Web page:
Inner Strength

Against the onslaught of many things modern, whether it is popular culture, political system or the bureaucratization of the individual and society, there is much truth in the saying that something’s are left untouched and be preserved as time honored assets of a particular community. In this context, it goes without saying that the Naga way of life has much to offer by way of providing the answers to many of the dilemma that the people are being confronted with today. Whatever is the issue in whichever field it may be—social, economic or political—the intelligentsia should take on the responsibility of encouraging adaptation—of traditional knowledge and way of life—to modern influence rather than supplanting through cultural genocide, the time honored practices and ways of the people. As such, the Government, Church, Civil Society Groups and the local Media should use their respective platform in facilitating this adaptation process and encourage the use of traditional knowledge and practices in finding application for them particularly in the broad area of conflict resolution, governance and decision making. 

It also goes without saying that the State Government machinery should have as its agenda, the high priority of reestablishing that vital link with the people and also use the tremendous power latent in traditional knowledge to meet its development goals. It will be in the fitness of things for policy makers to turn their attention ‘inwards’ towards tapping the traditional ‘technologies’ or assets of people rather than depending solely on the systems and programs brought in from outside. Governance must be developed within the context of Naga society and due consideration should be given to traditions in order to allow the Naga people to identify with their government. As is the case with communitization and village development boards, such positive elements of the political heritage of the Naga people should be adapted in order to form and sustain a governing model unique to the Nagas.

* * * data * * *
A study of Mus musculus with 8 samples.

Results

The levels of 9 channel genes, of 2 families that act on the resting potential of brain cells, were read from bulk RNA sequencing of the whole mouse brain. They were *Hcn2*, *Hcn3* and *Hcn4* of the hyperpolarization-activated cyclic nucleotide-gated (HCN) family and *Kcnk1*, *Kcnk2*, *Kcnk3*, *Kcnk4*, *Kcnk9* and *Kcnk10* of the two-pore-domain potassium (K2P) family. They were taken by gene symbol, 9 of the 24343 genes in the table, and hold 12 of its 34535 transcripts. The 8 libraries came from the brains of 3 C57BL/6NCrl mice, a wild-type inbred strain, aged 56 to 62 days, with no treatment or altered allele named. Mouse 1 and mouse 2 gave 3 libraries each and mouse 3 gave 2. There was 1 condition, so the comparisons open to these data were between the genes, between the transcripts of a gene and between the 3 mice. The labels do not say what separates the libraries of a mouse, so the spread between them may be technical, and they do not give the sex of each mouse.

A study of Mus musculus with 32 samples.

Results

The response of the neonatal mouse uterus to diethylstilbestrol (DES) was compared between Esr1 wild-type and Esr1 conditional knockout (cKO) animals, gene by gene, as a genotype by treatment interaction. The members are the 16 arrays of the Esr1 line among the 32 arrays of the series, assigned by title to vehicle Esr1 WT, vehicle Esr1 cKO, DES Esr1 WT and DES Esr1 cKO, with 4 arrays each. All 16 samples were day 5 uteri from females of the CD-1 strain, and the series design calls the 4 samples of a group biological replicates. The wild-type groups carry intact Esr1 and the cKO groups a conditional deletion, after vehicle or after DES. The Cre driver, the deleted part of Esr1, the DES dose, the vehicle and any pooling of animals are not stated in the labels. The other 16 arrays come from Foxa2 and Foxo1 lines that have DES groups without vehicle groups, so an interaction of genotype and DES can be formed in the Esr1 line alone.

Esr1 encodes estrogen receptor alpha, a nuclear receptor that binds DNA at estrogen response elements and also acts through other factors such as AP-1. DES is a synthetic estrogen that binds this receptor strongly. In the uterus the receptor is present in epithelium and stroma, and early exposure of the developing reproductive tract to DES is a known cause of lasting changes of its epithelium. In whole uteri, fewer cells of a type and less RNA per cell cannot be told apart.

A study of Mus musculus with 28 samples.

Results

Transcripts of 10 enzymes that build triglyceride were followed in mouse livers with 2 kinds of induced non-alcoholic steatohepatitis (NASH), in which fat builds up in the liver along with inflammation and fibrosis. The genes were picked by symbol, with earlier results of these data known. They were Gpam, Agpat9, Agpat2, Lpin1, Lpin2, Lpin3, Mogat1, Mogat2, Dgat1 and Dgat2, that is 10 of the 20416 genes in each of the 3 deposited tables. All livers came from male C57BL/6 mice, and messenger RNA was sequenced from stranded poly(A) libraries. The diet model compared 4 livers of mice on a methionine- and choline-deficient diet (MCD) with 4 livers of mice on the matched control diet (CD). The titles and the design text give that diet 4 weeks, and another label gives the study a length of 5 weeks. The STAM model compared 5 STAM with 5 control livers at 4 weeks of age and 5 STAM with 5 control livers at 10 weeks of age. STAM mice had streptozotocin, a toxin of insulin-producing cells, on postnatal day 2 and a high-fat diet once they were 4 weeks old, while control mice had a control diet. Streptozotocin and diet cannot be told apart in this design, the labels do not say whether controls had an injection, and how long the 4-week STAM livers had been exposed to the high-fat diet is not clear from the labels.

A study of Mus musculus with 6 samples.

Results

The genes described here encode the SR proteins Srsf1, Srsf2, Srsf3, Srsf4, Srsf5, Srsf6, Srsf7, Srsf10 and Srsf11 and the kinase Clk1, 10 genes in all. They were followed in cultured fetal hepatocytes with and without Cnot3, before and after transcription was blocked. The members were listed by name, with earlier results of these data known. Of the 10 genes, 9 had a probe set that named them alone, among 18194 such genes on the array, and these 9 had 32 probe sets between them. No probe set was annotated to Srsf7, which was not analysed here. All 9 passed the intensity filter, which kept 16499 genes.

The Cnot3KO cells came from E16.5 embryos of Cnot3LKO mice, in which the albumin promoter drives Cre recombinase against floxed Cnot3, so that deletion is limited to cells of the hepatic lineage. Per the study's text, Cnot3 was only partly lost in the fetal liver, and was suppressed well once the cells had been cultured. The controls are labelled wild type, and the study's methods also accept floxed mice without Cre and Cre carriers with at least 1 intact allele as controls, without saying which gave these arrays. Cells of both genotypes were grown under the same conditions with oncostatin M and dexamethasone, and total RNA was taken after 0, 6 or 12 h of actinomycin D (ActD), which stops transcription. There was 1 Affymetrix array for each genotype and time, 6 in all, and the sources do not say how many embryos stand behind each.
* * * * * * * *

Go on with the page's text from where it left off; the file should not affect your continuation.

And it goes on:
It will be noteworthy to mention here the two-day Tangnyinn Aoyea (festival) held recently at Lungwa of Mon district. One of the stated objectives of the gathering was to unite the Tangnyinn kinfolk arbitrarily separated during the head-hunting days. By using the inherent strength of culture, the Konyak Nagas from Arunachal Pradesh, Myanmar and Nagaland converged at Lungwa in an effort to revive and renew their bond. As such, if Nagas can develop such cultural meetings like the Tangnyinn, gradually, there will be a meeting of the mind, which can help nurture a feeling of oneness. Likewise similar ‘peace models’ should be replicated to help resolve disputes such as the one in Tobu between the Konyak and Chang communities. 

Besides initiating inter-tribal and cultural meeting points in the specific area of conflict resolution and peace building exercises, the knowledge base found in the traditional institutions such as the Village Development Boards (VDBs) should be tapped to harness the social capital of people in rural areas. By re-directing governance, as adapted to local needs, to take shape at the grass-root level, there is greater assurance that it will bring about the all-round social empowerment for the people. What lies beneath and drawing from the well-spring on one’s inner strength and resource is as much of importance to harness the collective energy of the people towards its stated objectives.